I’ve been reading about the Kindle Fire and the Nook Tablet. And not surprisingly, the reviews are generally saying there’s not a lot of difference between the two.
I’m pretty much ignoring the reviews that say [tablet x] is no Ipad. Yeah, and a Hyundai is no Bentley. Besides, the review that panned the Kindle Fire the worst complained that the tablet was unresponsive to swipes at times. The AT&T technician who fixed my U-Verse connection had an Ipad, and his Ipad exhibited that very same problem.
“Worst thing ever invented,” he said. About an Apple product. (Note to Apple fanboys: It was the AT&T technician who said it, not me.)
Since none of the other Kindle Fire reviews I’ve read mentioned that problem, I’m going to assume the same thing about the Kindle Fire that I’m assuming about Apple’s much more expensive competitor: that both units that exhibit the same problem probably are worn-out or defective. If you buy a Kindle Fire or a Nook Tablet and they won’t scroll or otherwise respond to swipes properly, take it back and exchange it for another one. Problem solved.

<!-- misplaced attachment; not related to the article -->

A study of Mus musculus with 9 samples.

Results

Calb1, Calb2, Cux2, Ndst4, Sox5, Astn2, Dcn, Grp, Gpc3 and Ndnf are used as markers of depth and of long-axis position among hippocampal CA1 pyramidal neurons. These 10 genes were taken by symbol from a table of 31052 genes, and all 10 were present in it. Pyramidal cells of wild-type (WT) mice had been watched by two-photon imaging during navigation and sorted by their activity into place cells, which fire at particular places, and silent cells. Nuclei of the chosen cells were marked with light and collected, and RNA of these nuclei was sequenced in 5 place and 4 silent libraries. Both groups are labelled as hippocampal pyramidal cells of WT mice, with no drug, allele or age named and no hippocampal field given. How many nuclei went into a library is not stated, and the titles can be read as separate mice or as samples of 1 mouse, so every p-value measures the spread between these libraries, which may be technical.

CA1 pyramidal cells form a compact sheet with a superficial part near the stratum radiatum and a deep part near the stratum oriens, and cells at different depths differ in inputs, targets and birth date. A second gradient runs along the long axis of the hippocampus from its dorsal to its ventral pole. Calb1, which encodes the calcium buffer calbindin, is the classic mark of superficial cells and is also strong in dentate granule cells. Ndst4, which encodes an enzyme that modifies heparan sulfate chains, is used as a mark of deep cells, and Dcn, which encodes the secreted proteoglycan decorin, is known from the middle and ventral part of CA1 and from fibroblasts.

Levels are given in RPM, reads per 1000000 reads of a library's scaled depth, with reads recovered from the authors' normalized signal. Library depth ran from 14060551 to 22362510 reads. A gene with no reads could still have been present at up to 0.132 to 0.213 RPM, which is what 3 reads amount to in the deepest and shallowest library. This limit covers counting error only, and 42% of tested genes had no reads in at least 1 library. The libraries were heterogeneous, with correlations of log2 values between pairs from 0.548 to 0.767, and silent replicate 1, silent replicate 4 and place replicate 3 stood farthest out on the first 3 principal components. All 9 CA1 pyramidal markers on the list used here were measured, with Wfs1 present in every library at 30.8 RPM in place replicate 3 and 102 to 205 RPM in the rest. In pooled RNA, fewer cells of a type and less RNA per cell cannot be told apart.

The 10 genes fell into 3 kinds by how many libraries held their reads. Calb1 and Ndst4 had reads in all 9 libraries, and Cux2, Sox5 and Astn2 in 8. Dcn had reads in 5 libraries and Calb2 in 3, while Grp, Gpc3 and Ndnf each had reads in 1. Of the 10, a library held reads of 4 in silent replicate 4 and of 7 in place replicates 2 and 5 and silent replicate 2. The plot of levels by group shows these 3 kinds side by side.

The two devices are extremely similar, and reading reviews of the two pretty much says the same thing. The Nook Tablet plays videos more smoothly, probably because it has twice as much RAM to work with. But the Kindle Fire offers a more polished user interface, a better selection of media to purchase online, and overall a more pleasant user experience.
The Nook Tablet’s problems can be solved in software, so those problems are more likely to go away in the weeks and months to come. The limitations of 512 MB of RAM are more difficult to overcome.
If you intend to hack either tablet, the Nook has more potential, thanks to its greater memory, greater storage capacity, and ability to use an SDHC card.
I haven’t bought either one. I expect I’ll buy a tablet in the coming year, but I’m torn between buying a sub-$99 cheapie or buying something a little more serious. If I decide to go the little-more-serious route, I’d lean toward the Nook Tablet.